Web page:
Six years ago, when two veteran musicians decided to form a nonprofit concert band made up of retired members of the armed services orchestras, they knew the challenge was an organizational one. Musicians had to be found and recruited, rehearsals and concert programs had to be coordinated and the orchestra would need a home.

But the two U.S. Navy Band members -- Bill Murray, cornetist, and Edmond DeMattia, oboist -- weren't about to give up easily. They contacted more than 250 musicians to enlist 35 founding members, and with the help of Col. Samuel Laboda, then director of the U.S. Army Band, secured rehearsal space at Fort Meyer, Va. The National Concert Band of America was born.

Today, the band has expanded to 60 members, 30 of whom live in Prince George's County.

Recruiting for the band operates on DeMattia's belief that there is a vast pool of musical talent in the Washington metropolitan area. "The county and the area, by and large, are unique. Young persons from all over the country are drawn to government service jobs here, spend 20 years in a service band (Army, Navy, Marine or Air Force) and in most cases stay in the area upon retirement. The talent remained, but until a half-dozen years ago, had no opportunity for exposure."

One of the band's two husband-and-wife teams, Fritz (trombonist) and Kathy (oboist) Velke, is devoted to music on a fulltime basis. Fritz Velke, the band's assistant conductor, directs the orchestra of West Springfield High School in Virginia, where Kathy teaches music.

The other couple is the Erlers, Merrill and Dorothy. Both teach in the music department of George Mason University and both have played in the National Symphony Orchestra.

In addition to side jobs with organizations such as the Baltimore Symphony Orchestra, band members have widely varied educational backgrounds, occupations and hobbies. One flutist, Penny Carson, has a doctorate and others hold degrees in electrical and nuclear engineering. There are organ repair specialists and piano technicians. A bass clarinetist, Homer Campbell, says in his spare time he is active in a "live steam locomotive club."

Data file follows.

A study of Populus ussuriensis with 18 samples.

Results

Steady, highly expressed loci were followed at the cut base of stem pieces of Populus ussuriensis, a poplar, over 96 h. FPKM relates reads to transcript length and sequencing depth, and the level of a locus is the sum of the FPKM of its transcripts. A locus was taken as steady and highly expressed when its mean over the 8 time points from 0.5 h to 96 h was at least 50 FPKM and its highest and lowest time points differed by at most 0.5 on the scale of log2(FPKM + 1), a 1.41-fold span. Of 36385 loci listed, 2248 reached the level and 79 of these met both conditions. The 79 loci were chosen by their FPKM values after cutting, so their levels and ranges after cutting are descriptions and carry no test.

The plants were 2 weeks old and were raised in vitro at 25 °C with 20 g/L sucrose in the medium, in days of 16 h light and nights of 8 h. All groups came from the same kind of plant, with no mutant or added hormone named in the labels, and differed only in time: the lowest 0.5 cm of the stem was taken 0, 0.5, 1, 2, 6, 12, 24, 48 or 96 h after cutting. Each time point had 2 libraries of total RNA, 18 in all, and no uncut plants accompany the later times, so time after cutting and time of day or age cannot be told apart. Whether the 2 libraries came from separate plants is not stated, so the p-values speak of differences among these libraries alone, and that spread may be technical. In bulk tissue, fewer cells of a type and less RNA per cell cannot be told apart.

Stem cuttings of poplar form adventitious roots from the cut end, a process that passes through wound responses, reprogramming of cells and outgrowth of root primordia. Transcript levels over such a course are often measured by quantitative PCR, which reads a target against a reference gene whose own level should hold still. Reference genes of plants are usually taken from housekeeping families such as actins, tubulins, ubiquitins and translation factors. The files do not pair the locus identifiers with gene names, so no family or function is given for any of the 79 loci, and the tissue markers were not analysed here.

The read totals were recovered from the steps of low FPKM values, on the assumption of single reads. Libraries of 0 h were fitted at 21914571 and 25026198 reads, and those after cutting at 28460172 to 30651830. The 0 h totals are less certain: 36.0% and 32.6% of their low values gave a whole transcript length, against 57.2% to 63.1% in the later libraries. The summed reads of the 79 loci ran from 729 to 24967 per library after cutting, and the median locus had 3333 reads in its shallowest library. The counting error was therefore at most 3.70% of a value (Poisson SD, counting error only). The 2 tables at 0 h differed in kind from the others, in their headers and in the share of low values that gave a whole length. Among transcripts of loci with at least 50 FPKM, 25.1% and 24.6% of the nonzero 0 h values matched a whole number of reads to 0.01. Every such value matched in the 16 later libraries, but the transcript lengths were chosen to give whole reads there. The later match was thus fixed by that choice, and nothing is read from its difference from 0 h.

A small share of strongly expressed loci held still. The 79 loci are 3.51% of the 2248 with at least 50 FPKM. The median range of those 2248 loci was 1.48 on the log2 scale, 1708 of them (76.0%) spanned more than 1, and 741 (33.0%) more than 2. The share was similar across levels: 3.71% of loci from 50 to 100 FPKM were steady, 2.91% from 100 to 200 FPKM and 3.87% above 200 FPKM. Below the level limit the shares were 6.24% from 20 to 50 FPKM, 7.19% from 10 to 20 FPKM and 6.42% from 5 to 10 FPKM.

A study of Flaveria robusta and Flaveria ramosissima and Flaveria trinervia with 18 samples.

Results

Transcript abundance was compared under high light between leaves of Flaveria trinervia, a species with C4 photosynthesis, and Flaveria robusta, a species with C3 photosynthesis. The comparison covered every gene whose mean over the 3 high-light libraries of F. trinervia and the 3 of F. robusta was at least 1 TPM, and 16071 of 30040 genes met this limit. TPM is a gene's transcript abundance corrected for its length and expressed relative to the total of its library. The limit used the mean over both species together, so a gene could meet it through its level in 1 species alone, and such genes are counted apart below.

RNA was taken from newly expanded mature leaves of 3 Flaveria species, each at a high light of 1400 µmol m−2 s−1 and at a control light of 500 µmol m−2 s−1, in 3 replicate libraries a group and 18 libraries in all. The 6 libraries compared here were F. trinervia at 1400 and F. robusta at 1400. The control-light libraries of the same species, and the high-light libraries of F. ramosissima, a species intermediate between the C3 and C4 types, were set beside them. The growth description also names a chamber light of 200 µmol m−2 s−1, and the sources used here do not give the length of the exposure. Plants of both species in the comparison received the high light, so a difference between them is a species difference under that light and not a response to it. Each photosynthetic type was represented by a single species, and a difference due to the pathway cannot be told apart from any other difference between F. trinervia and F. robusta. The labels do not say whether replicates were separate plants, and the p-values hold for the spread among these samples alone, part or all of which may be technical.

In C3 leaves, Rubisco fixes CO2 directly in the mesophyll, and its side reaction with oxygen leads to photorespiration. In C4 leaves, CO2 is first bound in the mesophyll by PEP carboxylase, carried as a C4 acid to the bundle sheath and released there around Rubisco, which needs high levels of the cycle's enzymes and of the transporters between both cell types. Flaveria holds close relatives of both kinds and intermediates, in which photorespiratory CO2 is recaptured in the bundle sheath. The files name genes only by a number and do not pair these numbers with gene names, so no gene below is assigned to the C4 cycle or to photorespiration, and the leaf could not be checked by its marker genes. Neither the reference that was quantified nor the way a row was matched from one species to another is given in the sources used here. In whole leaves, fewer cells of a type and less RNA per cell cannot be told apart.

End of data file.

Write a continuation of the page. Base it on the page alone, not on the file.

Conductor DeMattia learned oboe from his grandfather (a flutist, around the turn of the century, with Giuseppe Creatore's Italian band) and was a member of the U.S. Navy Band for 18 years.

DeMattia, 51, has seen the National Concert Band develop a following among local senior citizens, record several albums of march music and be chosen twice as the featured band of the Canadian National Exhibition. He says he is particularly encouraged because the band has enabled talented retired musicians to avoid having their instruments "die on the vine" from disuse.

DeMattia says he is apprehensive, however, about the rising cost of operations. He cited the expense of members' transportation, pointing out that one musician commutes 70 miles round trip from his home on the Eastern shore. The nonprofit band gets its operating funds mostly from membership dues and small donations from audiences and businesses.

Bringing music to senior citizens is one of the band's priorities. "Let's face it," DeMattia said, "senior citizens get the raw end of the deal as far as concert programs are concerned."

To accomodate older audiences, the band has moved its concert times to Sunday afternoons to that concert-goers may attend church services, and then have lunch before taking in the concert. Arranging transportation for ambulatory nursing-home residents is one of the band's pet projects.

Fortune has smiled on the band in the form of Bob Hope, who has been the financial backer of several of the band's albums. One of these, a collection of marches by Stieberitz, is soon to be released on a German label. DeMattia says congratulations on the recording have come from as far away as New Zealand and Australia.

In spite of the international acclaim, DeMattia, a past president of the Association of Concert Bands of America, complains about "under-coverage and underpromotion of the band's efforts locally. The arts are lagging in Prince George's County. We must receive more support, because we're appealing to a very broad audience. I will never forget a young, long-haired, barefoot man coming up to me after a concert at the Jefferson Memorial. He said, 'Hey man, I enjoyed that. How long has this been going on?'"

The National Concert Band winds up its year of march, ballet and opera music with a 2:30 p.m. concert Dec. 14 in the Queen Anne Fine Arts Auditorium at Prince George's Community College in Largo.